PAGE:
Merck condemns ‘racial hatred’ after 2nd noose found at Durham vaccine plant

·3 min read

Merck and local authorities are investigating after a second noose was found on a construction site at the company’s Durham vaccine plant.

The pharmaceutical company, which has a 262-acre facility in north Durham, said it was “outraged that symbols of hate have been found in construction areas” at the plant.

“We have zero tolerance for hate, racism or discrimination,” Merck said in a statement to The News & Observer on Monday. “We condemn all forms of racial hatred.”

Nooses have long been used as symbols of racism and hatred toward Black people in the U.S., referring back to the history of racial violence and lynchings that killed thousands of people.

The company said it is “fully investigating what happened” and “cooperating with authorities.”

Nooses found two weeks apart

Plant management had notified employees of the first noose just over a week ago, The N&O previously reported.

“Actions such as these will NOT be tolerated and individuals found committing such acts will be dealt with swiftly and severely,” site management said in an email to employees. “As a leadership team, we are disgusted that anyone on our plant site would engage in such behavior.”

A Merck spokesman did not respond at the time when asked whether local authorities had been involved.

But the second noose was reported to the Durham County Sheriff’s Office last week, according to an incident report obtained by The N&O.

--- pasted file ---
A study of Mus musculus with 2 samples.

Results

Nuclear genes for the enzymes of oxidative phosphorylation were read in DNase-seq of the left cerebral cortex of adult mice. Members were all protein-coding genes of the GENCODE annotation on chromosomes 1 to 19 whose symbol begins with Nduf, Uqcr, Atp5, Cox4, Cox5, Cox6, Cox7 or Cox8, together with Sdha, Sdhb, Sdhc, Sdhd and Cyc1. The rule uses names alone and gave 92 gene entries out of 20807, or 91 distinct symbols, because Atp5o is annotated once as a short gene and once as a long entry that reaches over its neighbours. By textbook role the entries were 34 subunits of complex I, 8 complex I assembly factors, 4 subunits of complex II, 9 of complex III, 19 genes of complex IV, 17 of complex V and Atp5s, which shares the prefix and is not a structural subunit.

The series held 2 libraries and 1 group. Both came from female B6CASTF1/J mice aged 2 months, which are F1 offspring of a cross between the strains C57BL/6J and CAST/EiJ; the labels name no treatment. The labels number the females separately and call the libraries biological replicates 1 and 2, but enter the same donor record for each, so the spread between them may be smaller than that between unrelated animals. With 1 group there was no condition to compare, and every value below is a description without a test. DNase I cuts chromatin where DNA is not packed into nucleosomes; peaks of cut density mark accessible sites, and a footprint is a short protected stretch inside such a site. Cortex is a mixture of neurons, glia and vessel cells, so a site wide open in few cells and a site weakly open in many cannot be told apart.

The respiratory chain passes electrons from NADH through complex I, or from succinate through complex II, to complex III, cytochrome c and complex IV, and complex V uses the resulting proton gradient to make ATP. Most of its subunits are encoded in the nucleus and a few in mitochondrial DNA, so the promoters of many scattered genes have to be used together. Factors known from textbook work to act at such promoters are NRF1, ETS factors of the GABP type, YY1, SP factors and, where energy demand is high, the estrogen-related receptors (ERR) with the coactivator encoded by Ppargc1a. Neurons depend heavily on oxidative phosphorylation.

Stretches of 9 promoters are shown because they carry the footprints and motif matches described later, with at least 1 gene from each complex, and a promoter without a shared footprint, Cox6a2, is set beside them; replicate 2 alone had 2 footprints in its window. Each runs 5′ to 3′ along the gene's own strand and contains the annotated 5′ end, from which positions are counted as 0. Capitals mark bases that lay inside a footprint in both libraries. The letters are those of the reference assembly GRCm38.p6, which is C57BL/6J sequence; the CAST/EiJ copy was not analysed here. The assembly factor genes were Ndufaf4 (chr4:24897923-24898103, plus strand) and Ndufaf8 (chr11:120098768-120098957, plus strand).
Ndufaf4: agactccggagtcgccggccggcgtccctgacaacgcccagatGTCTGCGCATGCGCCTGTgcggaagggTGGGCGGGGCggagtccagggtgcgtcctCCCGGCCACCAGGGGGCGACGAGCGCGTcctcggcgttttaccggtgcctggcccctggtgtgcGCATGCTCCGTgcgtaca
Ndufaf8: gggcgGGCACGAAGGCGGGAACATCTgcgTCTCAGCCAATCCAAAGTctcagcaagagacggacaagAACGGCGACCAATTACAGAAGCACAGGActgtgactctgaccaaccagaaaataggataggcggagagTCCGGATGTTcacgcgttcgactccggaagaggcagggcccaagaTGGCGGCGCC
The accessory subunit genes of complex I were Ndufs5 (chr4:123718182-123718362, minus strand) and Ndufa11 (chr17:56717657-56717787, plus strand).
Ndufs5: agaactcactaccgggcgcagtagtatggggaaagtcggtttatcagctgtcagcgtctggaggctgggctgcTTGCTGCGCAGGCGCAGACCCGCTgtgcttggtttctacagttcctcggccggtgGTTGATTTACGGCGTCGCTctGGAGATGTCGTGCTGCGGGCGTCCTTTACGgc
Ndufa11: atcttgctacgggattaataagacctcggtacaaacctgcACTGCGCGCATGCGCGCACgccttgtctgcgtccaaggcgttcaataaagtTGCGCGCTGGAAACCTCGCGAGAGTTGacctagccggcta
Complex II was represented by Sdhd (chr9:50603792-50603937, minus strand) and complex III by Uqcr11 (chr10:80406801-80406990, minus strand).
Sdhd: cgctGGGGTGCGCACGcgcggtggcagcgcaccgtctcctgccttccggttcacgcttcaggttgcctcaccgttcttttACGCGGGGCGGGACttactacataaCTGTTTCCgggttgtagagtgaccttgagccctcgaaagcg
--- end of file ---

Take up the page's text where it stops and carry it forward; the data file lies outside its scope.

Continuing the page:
The two nooses had been found on May 24 and June 7, the report said.

The first of these was not reported to the company until May 27, according to the report. It was not reported to security until June 3.

The N&O has asked the sheriff’s office for more information and whether investigators have a suspect or possible motive.

In an email last week, Merck Chairman and C.E.O. Ken Frazier and President Rob Davis notified staff about the two nooses.

“Merck leaders are meeting with employees at the site to provide support, and to emphasize our zero-tolerance policy,” Frazier and Davis wrote in the email, according to a copy obtained by The N&O. “We also have put enhanced safety and security measures in place to protect our employees in Durham.”

The company did not respond to a request for more information about those measures.

Merck’s Durham plant was one of two selected to help manufacture the Johnson & Johnson COVID-19 vaccine earlier this year.

The federal government committed $105.4 million in March to outfit the Durham plant for the production of the vaccine, The N&O previously reported.